Longitude: -3.7387 / 3°44'19"W
OS Eastings: 293645
OS Northings: 758311
OS Grid: NN936583
Mapcode National: GBR KC40.24Q
Mapcode Global: WH5MJ.JRX7
Entry Name: 156 Atholl Road, Sunnybrae Cottage
Listing Date: 10 July 1991
Source: Historic Scotland
Source ID: 385740
Historic Scotland Designation Reference: LB39866
Building Class: Cultural
County: Perth and Kinross
Electoral Ward: Highland
Traditional County: Perthshire
Southwest (entrance) elevation: symmetrical. Part-glazed timber door to centre with windows in flanking bays.
Southeast (Larchwood Road) elevation: plain gabled elevation.
Northwest elevation: plain gable with small blocked window to right.
Plate glass glazing. Limewashed rubble chimneystack to west, brick chimneystack to east. Plain bargeboarding. Corrugated-iron over thatched roof. Thatch consisting of variety of materials, layers include cereal straw, some light grey clay, grassy turves (laid grass side down), rye straw and broom twigs. Supporting cabers of small-diameter pine and birch. Hanging lum framework timbers above west gable.
Interior: east gable with corbel stone in recess behind later chimney (would have supported ridge tree prior to raising ridge height). West gable with small brick-blocked window to south. Two crucks supporting roof, each of two parts with upper blade fixed to lower upright just above level of present ceiling joists.
Property in Care of Scottish Ministers.
This is a rare and fine surviving example of a cruck-framed, thatched cottage. The earliest recorded detail found by Holden and Engl is for 1881 when Sunnybrae Cottage was inhabited by Catherine McDougall, retired dressmaker aged 74. RRDA records show that in 1945 permission for alterations and additions to Sunnybrae were requested for Mrs A Macdonald by Robert Gow, Blair Atholl. Stob thatching technique probably used for constructing thatch.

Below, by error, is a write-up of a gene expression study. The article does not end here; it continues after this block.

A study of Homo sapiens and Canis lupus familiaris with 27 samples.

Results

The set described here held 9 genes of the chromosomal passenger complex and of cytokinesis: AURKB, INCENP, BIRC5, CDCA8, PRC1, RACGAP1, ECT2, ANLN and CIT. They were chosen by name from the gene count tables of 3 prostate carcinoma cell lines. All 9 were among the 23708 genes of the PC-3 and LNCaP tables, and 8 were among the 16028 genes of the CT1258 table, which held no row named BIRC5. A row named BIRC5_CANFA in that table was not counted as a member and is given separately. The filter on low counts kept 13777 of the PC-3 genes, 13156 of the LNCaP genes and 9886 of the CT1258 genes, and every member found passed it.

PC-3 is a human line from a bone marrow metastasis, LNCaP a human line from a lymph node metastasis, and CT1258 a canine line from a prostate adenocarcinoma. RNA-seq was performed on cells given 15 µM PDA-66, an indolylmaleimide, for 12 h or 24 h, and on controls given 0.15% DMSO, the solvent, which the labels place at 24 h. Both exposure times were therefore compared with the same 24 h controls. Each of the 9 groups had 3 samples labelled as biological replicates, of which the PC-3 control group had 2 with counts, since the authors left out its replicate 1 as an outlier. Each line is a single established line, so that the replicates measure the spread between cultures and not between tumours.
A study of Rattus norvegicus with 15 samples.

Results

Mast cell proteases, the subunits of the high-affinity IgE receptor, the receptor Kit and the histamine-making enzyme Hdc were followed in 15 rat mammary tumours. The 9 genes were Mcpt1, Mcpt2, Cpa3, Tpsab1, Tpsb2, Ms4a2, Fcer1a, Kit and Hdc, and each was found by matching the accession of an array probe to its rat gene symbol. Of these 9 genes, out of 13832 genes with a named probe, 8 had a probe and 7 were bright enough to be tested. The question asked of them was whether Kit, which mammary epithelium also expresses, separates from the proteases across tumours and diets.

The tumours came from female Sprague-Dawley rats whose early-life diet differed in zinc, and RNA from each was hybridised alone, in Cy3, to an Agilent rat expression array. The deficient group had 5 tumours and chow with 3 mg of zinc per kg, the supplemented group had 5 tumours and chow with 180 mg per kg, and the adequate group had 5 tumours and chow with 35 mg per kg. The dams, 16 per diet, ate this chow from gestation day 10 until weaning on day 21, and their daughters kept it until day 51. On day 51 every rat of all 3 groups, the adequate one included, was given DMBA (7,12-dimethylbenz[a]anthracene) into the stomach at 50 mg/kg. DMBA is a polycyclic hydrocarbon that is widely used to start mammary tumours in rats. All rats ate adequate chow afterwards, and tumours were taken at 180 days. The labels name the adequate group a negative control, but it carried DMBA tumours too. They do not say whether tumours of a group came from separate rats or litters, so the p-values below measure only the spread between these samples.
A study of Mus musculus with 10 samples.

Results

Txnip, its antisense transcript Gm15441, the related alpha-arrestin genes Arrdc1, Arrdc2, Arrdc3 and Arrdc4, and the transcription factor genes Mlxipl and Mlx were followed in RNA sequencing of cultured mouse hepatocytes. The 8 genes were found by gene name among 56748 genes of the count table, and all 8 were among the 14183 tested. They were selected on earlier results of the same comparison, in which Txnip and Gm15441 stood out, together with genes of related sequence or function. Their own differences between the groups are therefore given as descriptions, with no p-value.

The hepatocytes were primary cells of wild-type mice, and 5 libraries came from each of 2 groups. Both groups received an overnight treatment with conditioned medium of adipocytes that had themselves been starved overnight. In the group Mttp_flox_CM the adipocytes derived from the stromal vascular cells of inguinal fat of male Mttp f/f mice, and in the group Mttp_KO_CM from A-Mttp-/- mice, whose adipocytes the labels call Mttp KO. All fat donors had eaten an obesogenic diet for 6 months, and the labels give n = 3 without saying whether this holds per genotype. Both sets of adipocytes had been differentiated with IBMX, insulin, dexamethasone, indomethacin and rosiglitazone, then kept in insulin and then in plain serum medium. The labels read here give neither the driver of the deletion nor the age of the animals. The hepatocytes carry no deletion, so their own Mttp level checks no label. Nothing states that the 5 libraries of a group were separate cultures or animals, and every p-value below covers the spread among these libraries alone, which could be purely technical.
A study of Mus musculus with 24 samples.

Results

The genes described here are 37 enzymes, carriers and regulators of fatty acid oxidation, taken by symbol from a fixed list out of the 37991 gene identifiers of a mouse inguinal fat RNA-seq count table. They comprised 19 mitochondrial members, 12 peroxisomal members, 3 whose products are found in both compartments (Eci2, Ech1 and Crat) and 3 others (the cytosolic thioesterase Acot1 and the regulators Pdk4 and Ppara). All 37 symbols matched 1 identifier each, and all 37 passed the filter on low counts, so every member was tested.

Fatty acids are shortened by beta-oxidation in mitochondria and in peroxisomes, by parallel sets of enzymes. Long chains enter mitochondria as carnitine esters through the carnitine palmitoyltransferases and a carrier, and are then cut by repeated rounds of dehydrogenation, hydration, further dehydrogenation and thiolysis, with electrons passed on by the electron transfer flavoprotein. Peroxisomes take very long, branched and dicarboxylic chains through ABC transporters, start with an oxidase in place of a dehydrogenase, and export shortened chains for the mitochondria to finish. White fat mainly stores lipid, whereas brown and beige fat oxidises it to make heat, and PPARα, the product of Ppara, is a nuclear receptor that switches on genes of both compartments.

Cruck framing was a building technique used throughout Scotland, with the exception of the islands where timber was scarce. Sunnybrae is characteristic of these cottages, in that it is a low, single-storey, three-bay dwelling. Surviving cottages with intact cruck frames are rare.
It is among a relatively small number of traditional buildings with a surviving thatched roof found across Scotland. A Survey of Thatched Buildings in Scotland, published in 2016 by the Society for the Protection of Ancient Buildings (SPAB), found there were only around 200 buildings of this type remaining, most of which are found in small rural communities. Thatched buildings are often traditionally built, showing distinctive local and regional building methods and materials. Those that survive are important in helping us understand these traditional skills and an earlier way of life.
Listing category changed from B to A in 1998. Previously a Scheduled Monument. The scheduling was removed in 2013.
Listed building record revised in 2019 as part of the Thatched Buildings Listing Review 2017-19.